Publisher and Editor

Andy Spalding
Senior Editor

Jessica Tillipman
Senior Editor

Bill Steinman
Senior Editor

Richard L. Cassin
Editor at Large

Elizabeth K. Spahn
Editor Emeritus

Cody Worthington
Contributing Editor

Julie DiMauro
Contributing Editor

Thomas Fox
Contributing Editor

Sexual harassment as a business risk

There’s a great post by Heidi Moore on LinkedIn about why boards should view sexual harassment as a business risk, and deal with it that way.

Settlements with victims are a bad business proposition, Moore says. Non-disclosure agreements are bound to fail over time. But in the short term they give the sexual predator a feeling of invincibility.

That feeling of invincibility “means he will inevitably abuse more women than a company can ever find and pay,” Moore says.

“As a result, the potential fallout is nearly infinite,” Moore says.

Instead of paying off victims and depending on ineffective NDAs, boards should fix the problem.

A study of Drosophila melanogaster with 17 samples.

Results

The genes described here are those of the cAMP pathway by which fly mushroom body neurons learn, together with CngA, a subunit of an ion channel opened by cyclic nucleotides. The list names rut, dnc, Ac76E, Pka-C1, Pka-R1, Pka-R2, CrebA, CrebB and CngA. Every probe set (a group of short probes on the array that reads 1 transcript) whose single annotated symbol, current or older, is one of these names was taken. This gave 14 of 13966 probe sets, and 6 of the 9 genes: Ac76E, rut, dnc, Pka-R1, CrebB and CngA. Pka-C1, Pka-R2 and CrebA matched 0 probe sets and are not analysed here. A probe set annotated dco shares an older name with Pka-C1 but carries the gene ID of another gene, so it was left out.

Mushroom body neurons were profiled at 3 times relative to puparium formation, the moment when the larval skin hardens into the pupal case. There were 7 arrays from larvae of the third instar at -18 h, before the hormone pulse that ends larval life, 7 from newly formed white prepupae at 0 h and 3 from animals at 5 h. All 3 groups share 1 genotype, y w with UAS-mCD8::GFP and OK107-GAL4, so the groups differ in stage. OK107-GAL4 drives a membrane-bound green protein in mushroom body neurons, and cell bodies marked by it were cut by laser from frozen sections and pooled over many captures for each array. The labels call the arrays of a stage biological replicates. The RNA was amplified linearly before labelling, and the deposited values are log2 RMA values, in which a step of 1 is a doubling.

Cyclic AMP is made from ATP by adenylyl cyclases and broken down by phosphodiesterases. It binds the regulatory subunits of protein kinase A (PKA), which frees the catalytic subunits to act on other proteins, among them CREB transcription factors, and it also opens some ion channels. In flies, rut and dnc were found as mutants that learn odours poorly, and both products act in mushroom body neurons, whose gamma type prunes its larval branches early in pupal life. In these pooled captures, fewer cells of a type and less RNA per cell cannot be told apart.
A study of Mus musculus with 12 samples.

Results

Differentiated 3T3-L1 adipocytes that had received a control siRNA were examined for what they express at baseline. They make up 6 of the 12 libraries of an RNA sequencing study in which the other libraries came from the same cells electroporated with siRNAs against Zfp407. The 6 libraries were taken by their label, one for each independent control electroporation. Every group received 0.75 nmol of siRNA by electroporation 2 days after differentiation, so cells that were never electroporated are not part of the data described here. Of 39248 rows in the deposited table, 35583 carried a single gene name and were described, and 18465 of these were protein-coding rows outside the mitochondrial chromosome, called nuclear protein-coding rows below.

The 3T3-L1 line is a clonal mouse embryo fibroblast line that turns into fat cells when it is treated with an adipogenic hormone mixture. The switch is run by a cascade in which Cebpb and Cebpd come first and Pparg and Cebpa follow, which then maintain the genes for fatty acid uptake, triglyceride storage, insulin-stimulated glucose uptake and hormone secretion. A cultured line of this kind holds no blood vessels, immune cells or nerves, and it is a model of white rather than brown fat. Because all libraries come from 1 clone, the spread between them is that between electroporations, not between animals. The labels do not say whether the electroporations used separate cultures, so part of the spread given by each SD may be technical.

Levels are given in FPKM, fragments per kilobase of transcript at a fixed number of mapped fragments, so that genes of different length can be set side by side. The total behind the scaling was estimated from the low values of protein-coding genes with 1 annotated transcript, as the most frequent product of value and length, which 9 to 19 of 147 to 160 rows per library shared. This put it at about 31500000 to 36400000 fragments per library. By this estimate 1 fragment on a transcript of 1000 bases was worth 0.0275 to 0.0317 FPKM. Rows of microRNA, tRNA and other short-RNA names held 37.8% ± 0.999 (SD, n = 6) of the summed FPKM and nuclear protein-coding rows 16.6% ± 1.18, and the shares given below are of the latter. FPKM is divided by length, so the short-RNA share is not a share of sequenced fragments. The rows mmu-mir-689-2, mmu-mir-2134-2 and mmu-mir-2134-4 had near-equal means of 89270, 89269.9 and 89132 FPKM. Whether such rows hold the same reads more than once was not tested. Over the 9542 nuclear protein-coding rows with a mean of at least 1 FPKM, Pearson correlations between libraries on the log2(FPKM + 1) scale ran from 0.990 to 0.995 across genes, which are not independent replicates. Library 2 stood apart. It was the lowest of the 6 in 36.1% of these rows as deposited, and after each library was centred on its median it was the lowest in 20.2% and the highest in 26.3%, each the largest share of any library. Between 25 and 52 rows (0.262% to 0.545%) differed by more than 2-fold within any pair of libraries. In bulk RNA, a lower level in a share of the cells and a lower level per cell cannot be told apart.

Moore says:

Kick the offending executives out before they take everyone down with them. Set a firm, written limit on settlements-per-executive: three strikes and the executive is out — or preferably just one strike. Make sexual harassment a firing offense if you want to save the company.

She also recommends clauses in employment agreements to void golden parachutes and other severance payments for cases of harassment and assault.

Heidi Moore is an editor and writer. Her post “Harvey Weinstein shows sexual harassment is a big cost to businesses” is here.


Richard L. Cassin is the publisher and editor of the FCPA Blog. 


  1. Another possible consideration is to establish an accusation as a grounds for suspension. Companies can set up a mechanism to investigate the facts. Criteria can be established to identify when this conduct is a grounds for termination for cause, with the company reserving rights to prosecute civilly or criminally along with the wronged employee. The need for some re-examination of the presumption of innocence is needed. Companies found covering up should be denied D&O liability insurance and publicly exposed.